Published date:
Friday, 26 March 2004

Passage of an expanded African Growth and Opportunity Act is extremely timely and should be concluded by Congress before September 30, says Senator Dick Lugar (Republican of Indiana), chairman of the Senate Foreign Relations Committee.

AGPA III BillFailure to pass the bill, known as AGOA III, could jeopardize economic gains made by Africans under the legislation first passed in May 2000, the senator said.

Lugar voiced concern over legislative stalling on his bill, S. 1900, "The United States-Africa Partnership Act of 2003," during a March 25 hearing of the Senate Foreign Relations Committee. A bill similar to Lugar's is making its way through the House of Representatives.

The lawmaker said: "I believe it is critical to expand on the partnership between the United States and Africa by moving forward with S. 1900 [AGOA III]. This bill recognizes the enormous potential for economic growth and development in sub-Saharan Africa. A stable and economically prosperous Africa can provide new partnerships that will contribute greatly to our commercial and security interests."

However, "people are saying, 'Go slow in the trade area this year,'" he added. And this affects AGOA because it deals with textile imports, always a sensitive economic issue, especially during an election year.

The AGOA extension is "a time-sensitive matter," he stressed, because "the AGOA provision that allows least-developed countries (LDCs) to export capped [limited] quantities of apparel made from third-country fabric to the U.S. duty-free expires in September of this year [2004]." The bill would extend this provision until September 30, 2008.

The lawmaker said he feared that "if this 'special rule' for LDCs is not extended before its expiration, much of the economic progress that has been made under AGOA could be threatened."

Florizelle Liser, assistant U.S. trade representative (USTR) for Africa, echoed Lugar's concern for the LDC provision, noting: "In the eyes of many AGOA stakeholders, the extension of the third-party fabric provision ... is the most urgent item for congressional action on AGOA. In FY [fiscal year] 2003, 84 percent of the $1.2 billion in AGOA apparel imports fell under this provision. Although sub-Saharan Africa's share of the U.S. apparel market is just 2.1 percent, this rule has contributed to AGOA's early success by allowing sub-Saharan African countries to develop their apparel industries."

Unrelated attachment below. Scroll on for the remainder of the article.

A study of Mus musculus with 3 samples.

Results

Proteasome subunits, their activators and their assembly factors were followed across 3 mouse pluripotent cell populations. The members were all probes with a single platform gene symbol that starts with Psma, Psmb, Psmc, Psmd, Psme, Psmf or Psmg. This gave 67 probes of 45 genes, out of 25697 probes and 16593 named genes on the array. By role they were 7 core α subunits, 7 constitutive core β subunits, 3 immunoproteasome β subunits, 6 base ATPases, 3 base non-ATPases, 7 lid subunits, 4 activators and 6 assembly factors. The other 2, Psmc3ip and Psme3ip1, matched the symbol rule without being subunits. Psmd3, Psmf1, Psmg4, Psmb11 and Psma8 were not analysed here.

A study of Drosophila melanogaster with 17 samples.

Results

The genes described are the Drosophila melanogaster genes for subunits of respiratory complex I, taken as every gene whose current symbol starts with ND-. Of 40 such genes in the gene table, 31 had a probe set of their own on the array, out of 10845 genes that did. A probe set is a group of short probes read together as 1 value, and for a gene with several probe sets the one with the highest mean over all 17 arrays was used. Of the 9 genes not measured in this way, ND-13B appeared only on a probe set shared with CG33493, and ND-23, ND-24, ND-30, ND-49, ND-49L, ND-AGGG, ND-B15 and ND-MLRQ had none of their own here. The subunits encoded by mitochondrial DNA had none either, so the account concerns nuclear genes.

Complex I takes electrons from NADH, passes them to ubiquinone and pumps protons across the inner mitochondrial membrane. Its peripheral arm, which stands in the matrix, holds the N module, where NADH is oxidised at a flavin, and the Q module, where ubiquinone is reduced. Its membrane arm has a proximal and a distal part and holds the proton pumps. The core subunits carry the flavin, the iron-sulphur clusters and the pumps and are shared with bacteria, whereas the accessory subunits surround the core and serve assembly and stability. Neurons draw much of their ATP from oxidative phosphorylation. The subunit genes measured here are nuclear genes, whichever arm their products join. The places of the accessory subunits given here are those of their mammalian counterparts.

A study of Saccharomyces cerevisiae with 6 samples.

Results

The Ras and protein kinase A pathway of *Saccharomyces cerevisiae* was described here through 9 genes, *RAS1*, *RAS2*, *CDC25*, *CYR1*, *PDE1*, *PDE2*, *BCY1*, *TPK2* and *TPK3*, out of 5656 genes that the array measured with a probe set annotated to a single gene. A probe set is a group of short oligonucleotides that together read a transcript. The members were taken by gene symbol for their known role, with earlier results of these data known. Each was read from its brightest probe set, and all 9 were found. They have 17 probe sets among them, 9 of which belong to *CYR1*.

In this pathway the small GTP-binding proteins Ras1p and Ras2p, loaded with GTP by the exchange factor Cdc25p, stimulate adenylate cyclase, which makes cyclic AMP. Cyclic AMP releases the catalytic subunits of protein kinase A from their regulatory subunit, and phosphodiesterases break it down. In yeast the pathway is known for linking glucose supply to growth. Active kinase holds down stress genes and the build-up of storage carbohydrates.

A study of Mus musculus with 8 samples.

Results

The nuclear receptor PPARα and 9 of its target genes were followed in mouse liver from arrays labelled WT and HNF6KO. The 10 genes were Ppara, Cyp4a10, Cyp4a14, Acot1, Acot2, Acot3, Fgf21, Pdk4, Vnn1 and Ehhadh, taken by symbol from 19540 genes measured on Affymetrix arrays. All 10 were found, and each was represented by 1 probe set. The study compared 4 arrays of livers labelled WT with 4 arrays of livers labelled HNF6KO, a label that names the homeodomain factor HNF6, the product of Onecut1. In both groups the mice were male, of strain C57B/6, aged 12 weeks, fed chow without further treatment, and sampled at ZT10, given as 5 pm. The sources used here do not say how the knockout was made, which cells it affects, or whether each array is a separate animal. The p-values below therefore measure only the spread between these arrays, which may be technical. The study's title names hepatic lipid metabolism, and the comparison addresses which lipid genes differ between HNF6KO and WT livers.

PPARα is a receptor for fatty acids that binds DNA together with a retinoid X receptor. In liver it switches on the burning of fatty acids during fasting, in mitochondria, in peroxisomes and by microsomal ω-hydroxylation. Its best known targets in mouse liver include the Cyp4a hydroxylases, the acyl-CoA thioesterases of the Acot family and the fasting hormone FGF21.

Sounding a more disturbing note, Liser said: "The uncertainty about the future of the provision is already having a negative impact on AGOA. We understand that several major U.S. buyers have already shifted orders to Asia in anticipation of the September 30 expiration date."

Alan Larson, under secretary of state for economic, business and agricultural affairs, highlighted the overall importance of AGOA as he told Lugar: "AGOA remains a centerpiece of our policy toward Africa. In the past three years, AGOA has had the very positive effect of increasing our two-way trade with Africa and in diversifying the range of products that are being traded."

Although AGOA has allowed African goods to enter the U.S. market on a non-quota, duty-free basis, thus helping to spur African exports and expanded manufacturing and employment sectors, the trade act "isn't just altruism on the part of the United States," Larson asserted.

He pointed out, "There are benefits available for American businesses and consumers as well." For example: "At year-end 2002, the U.S. investment position in sub-Saharan Africa stood at $12.1 billion, an 18 percent increase over the previous year."

Larson sympathized with Lugar's anxiety over the September 30 deadline for LDC textile exports under AGOA, concurring: "It is a short legislative year. It is an election year and that always makes things complicated. But it's very important to remember that for the United States and our economy the impact of AGOA, frankly, while positive, is overall minimal." Yet for African economies that have counted on AGOA and its generous fabric provisions, he said, its impact is "huge."

The Africans, Larson stressed, "would not understand that somehow we were not able to address this legislative challenge this year. For them it really is imperative that this get done." Therefore, he said, the message the State Department wanted to send was that "we need to work for a resolution that is practical and passable. We can't let perfect be the enemy of good."

Lugar said he was encouraged to see that he and the administration were "on the same track" about the need for urgency in passing AGOA III.